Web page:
Majority of Patients Positive About GP Care

According to the GP Patient Survey 2017, most people in Britain are satisfied with the service provided by their general practitioners.

This extensive survey questioned 800,000 people, and concluded that around 85% consider the overall experience of their GP surgery as being at least good.

Furthermore, trust in GPs remains extremely robust, with almost 92% of those surveyed indicating that they had confidence in medical practitioners.

Over three-quarters of those responding to the survey asserted that they would recommend their current GP surgery to someone who has just moved to the local area, with a similar proportion of patients rating their overall experience of making an appointment as been “good” as well.

Most patients were able to acquire an appointment on the most recent occasion that they had attempted to do so, with over two-thirds of respondents considering it at least fairly easy to contact someone at the local GP surgery.

There was also an improvement in the awareness of online GP services, with more patients saying they are aware of how to book appointments (up 3.8% on last year to 36.1%), ordering repeat prescriptions (up 2.6% to 34.1%) and access to medical records (up to 8.9%).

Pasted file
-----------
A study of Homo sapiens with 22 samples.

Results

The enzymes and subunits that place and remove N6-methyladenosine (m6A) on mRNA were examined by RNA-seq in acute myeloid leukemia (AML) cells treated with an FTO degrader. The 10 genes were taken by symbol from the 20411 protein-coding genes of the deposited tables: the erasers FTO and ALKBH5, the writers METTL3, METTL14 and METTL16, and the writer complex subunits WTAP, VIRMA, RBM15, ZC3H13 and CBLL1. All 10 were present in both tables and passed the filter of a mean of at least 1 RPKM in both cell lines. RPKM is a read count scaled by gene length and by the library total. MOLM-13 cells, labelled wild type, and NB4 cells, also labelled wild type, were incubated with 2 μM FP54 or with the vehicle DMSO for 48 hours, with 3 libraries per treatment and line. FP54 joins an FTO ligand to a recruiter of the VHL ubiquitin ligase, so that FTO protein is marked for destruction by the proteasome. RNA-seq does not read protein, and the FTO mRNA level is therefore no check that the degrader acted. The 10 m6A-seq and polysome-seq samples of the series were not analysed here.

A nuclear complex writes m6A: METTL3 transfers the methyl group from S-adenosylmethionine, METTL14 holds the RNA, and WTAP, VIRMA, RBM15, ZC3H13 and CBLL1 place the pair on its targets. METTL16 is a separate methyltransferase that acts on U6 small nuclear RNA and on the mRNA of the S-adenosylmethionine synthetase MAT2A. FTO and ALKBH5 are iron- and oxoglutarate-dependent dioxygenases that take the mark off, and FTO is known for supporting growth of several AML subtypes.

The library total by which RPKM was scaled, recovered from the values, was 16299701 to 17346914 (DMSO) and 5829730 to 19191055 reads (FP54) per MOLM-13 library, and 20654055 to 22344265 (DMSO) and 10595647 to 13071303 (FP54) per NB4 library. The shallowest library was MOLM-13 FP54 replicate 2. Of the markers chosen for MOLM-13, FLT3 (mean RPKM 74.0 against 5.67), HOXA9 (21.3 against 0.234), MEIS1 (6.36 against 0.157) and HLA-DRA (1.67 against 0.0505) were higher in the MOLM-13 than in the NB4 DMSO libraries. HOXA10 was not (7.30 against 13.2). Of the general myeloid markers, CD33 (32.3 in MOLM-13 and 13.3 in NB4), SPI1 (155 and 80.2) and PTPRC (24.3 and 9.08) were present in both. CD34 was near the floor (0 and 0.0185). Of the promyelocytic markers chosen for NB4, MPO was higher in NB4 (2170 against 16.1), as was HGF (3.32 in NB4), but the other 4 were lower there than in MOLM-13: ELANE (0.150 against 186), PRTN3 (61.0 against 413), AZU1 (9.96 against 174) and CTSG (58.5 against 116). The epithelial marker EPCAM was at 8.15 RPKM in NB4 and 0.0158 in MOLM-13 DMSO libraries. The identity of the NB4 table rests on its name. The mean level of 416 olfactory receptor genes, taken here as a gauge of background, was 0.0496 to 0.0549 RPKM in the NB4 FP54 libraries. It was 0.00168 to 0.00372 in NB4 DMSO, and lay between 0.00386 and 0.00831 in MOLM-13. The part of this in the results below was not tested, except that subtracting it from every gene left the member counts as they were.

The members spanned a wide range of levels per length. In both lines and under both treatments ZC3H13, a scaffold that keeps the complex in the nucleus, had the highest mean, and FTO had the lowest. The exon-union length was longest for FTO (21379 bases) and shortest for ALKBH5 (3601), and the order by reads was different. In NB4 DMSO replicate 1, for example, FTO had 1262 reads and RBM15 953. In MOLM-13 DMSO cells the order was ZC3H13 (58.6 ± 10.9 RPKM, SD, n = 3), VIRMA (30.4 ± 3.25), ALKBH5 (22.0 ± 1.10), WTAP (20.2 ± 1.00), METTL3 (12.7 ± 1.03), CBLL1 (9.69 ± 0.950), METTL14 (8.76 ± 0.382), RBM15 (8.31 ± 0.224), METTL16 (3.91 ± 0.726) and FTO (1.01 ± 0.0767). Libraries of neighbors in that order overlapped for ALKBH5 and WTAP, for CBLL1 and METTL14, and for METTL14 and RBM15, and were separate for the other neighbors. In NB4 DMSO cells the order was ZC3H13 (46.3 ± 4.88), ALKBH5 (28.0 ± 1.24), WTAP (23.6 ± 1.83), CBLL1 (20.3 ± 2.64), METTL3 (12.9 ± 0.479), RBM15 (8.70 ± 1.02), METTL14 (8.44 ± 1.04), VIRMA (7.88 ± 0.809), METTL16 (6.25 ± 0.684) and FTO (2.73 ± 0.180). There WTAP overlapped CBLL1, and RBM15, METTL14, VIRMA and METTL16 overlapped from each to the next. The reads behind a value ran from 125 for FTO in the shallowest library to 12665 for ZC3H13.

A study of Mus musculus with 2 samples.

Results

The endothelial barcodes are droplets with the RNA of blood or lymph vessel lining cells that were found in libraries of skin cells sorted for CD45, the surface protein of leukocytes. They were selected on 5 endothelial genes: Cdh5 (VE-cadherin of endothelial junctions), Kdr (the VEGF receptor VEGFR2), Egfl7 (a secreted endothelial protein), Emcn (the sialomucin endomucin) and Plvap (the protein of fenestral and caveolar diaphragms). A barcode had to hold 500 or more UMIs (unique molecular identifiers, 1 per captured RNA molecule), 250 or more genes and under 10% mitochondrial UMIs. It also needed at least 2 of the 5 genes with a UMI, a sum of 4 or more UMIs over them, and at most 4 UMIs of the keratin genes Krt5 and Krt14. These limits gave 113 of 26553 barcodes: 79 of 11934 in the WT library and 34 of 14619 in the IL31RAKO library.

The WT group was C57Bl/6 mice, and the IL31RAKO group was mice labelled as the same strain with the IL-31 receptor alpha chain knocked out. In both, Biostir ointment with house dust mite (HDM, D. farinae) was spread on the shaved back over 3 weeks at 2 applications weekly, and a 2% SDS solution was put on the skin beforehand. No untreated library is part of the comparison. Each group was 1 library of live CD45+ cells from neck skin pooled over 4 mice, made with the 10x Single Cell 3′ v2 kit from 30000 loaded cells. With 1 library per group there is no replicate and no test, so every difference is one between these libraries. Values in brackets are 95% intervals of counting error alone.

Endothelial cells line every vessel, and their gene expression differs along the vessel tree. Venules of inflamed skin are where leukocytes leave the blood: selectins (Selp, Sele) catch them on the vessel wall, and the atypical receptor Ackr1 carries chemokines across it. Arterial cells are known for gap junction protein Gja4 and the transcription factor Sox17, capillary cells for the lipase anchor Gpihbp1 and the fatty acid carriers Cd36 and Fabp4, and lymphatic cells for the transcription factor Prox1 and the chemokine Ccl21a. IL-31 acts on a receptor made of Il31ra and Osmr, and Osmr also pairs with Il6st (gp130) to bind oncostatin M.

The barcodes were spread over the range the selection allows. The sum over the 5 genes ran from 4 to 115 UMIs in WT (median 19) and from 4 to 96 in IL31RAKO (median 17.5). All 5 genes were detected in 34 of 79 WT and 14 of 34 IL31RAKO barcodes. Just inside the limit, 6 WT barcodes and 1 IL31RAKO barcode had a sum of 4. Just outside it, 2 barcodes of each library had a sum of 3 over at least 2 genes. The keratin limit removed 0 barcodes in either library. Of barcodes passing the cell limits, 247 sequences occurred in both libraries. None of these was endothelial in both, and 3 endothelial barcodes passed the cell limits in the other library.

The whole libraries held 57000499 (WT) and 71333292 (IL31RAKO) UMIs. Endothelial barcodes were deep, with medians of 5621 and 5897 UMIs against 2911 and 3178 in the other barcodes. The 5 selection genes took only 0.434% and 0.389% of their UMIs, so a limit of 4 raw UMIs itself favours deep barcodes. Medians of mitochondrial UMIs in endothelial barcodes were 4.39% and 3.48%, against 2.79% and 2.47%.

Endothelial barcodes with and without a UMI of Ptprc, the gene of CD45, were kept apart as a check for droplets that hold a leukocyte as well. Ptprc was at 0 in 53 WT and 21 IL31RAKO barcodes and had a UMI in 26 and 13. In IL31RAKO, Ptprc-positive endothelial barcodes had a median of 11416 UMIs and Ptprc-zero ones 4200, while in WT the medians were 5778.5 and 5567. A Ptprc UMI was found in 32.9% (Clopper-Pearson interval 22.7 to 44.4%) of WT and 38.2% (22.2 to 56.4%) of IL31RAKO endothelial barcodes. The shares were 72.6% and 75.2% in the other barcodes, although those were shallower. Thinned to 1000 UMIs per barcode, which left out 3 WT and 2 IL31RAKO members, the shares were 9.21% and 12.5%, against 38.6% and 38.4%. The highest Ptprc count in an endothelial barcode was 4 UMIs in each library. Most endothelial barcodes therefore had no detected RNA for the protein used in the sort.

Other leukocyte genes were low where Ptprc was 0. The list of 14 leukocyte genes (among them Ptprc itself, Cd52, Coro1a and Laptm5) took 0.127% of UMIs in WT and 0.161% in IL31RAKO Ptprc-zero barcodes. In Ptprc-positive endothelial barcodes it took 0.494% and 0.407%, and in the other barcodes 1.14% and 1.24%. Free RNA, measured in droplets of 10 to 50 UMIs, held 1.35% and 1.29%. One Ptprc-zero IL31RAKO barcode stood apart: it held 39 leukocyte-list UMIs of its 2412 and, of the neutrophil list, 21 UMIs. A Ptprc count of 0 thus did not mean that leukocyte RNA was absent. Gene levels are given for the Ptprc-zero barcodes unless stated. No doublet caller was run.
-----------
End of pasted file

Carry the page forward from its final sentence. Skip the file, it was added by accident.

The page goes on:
However, Professor Helen Stokes-Lampard, chair of the Royal College of GPs, still believes that there is significant room for improvement.

“Our patients should be able to see a GP when they need to, so it’s very concerning that more people are having to wait for longer to get appointments with their GP or practice nurse. It is particularly worrying that some patients are deciding not to seek medical advice at all if they are not able to get an appointment initially”.

And the eminent doctor believes that a lack of investment from the government can be blamed for the current crisis in general practice.

“Unfortunately, what we are seeing now is the result of a decade of under investment in general practice which has led to a severe shortage of GPs, and it is our patients who ultimately bear the brunt. We need the pledges in NHS England’s GP Forward View – which includes an extra £2.4bn a year for general practice and 5,000 additional GPs – to be delivered as a matter of urgency so that our patients can see a GP when they need to and receive the quality care they deserve.”

There have been repeated reports in recent months emanating from some of the most authoritative voices in the NHS system which have suggested that general practice is a particular area of concern, even within a challenging NHS climate.